An armed British soldier stands guard as a  British military helicopter prepares to land in Nasiriyah

A Ministry of Defence plan to outsource procurement of the UK’s military equipment to a private contractor has received a wary response from the industry, analysts and former defence officials.

Philip Hammond, defence secretary, is considering shifting responsibility for the UK’s £14bn annual procurement programme from MoD arm Defence Equipment and Support in an attempt to end longstanding financial problems. The new organisation, which would be government-owned but contractor-operated, would be known by its acronym Goco.

Howard Wheeldon, a veteran industry analyst, said on Thursday: “I have not heard of anybody who is in favour . . . I have not heard of one [defence] company that has put its hat in the ring.

“It still must be proven beyond all reasonable doubt that this is going to provide value for money for the taxpayer and to the armed forces and some benefit for those companies the MoD procures equipment from,” he added.

Sir Brian Burridge, vice-president of ADS, the industry trade group, said: “There needs to be a proper dialogue, a proper recognition of the legitimacy of the industry’s concerns and a proper resolution of those concerns.”

These include commercial confidentiality and intellectual property issues, especially if the job of running the Goco is given to a competitor.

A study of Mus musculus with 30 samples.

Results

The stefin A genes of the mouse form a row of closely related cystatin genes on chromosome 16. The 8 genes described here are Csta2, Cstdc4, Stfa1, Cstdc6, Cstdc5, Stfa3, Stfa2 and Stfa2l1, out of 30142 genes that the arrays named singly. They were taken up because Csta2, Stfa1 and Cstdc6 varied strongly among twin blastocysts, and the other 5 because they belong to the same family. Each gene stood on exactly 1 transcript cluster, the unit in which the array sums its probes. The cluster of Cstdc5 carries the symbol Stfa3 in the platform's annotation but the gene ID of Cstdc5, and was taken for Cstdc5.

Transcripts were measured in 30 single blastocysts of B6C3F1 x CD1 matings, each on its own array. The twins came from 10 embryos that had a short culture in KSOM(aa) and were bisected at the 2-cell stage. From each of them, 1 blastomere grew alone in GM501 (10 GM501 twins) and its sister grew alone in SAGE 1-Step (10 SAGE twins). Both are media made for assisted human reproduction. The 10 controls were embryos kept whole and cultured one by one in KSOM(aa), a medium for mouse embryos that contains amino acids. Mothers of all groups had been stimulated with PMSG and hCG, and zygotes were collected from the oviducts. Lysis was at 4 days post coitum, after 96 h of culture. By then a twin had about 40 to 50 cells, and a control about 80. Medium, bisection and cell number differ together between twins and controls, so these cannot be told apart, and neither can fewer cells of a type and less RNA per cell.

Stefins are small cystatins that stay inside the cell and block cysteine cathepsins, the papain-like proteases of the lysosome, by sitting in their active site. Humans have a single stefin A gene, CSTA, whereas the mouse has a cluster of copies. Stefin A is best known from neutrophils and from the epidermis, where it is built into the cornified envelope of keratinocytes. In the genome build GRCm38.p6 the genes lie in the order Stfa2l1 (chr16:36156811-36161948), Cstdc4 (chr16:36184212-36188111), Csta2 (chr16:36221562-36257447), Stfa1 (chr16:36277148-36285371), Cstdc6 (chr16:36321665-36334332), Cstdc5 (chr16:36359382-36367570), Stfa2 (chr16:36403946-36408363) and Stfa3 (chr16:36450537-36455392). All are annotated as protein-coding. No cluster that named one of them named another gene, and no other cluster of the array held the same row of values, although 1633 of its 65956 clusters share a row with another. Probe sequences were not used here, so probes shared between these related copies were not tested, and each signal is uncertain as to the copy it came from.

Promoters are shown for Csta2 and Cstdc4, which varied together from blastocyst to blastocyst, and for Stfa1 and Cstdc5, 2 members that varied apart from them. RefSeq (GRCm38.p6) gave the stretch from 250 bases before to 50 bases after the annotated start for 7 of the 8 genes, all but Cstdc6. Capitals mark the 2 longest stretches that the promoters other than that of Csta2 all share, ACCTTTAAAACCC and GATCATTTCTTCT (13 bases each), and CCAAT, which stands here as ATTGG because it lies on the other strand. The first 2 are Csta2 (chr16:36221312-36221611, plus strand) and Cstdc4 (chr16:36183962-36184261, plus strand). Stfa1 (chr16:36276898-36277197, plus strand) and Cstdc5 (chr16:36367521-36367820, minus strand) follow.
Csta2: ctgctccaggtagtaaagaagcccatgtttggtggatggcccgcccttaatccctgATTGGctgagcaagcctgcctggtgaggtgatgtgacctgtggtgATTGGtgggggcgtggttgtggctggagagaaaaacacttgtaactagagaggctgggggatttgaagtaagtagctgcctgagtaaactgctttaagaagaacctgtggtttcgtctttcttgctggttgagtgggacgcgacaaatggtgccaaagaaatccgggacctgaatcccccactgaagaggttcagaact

But industry was “not in opposition mode” and was pleased the MoD had acknowledged its problems and was doing something about them, he said.

In a statement, BAE Systems said: “BAE Systems supports the Ministry of Defence’s proposed approach to Goco and subject to the conclusions of the assessment phase believes it has the potential to benefit all in the defence industry.”

However, the Royal United Services Institute, one of the UK’s most influential military think-tanks, expressed stronger doubts. “We cannot easily see how the . . . Goco would even work in practice, let alone why it would be a less expensive and better alternative to what is in place today,” it said, adding that history was littered with failed outsourcing deals.

The idea is the brainchild of Bernard Gray, a former businessman, whose withering independent 2009 report on the state of the MoD’s equipment programme noted that the problems and sums of money involved were so endemic that they had lost the power to shock. Lawmakers from both big parties broadly embraced his recommendations and Mr Gray was made head of DE&S in 2011.

However, his outsourcing defence procurement – the first time any country with a substantial military would do so – has always faced opposition.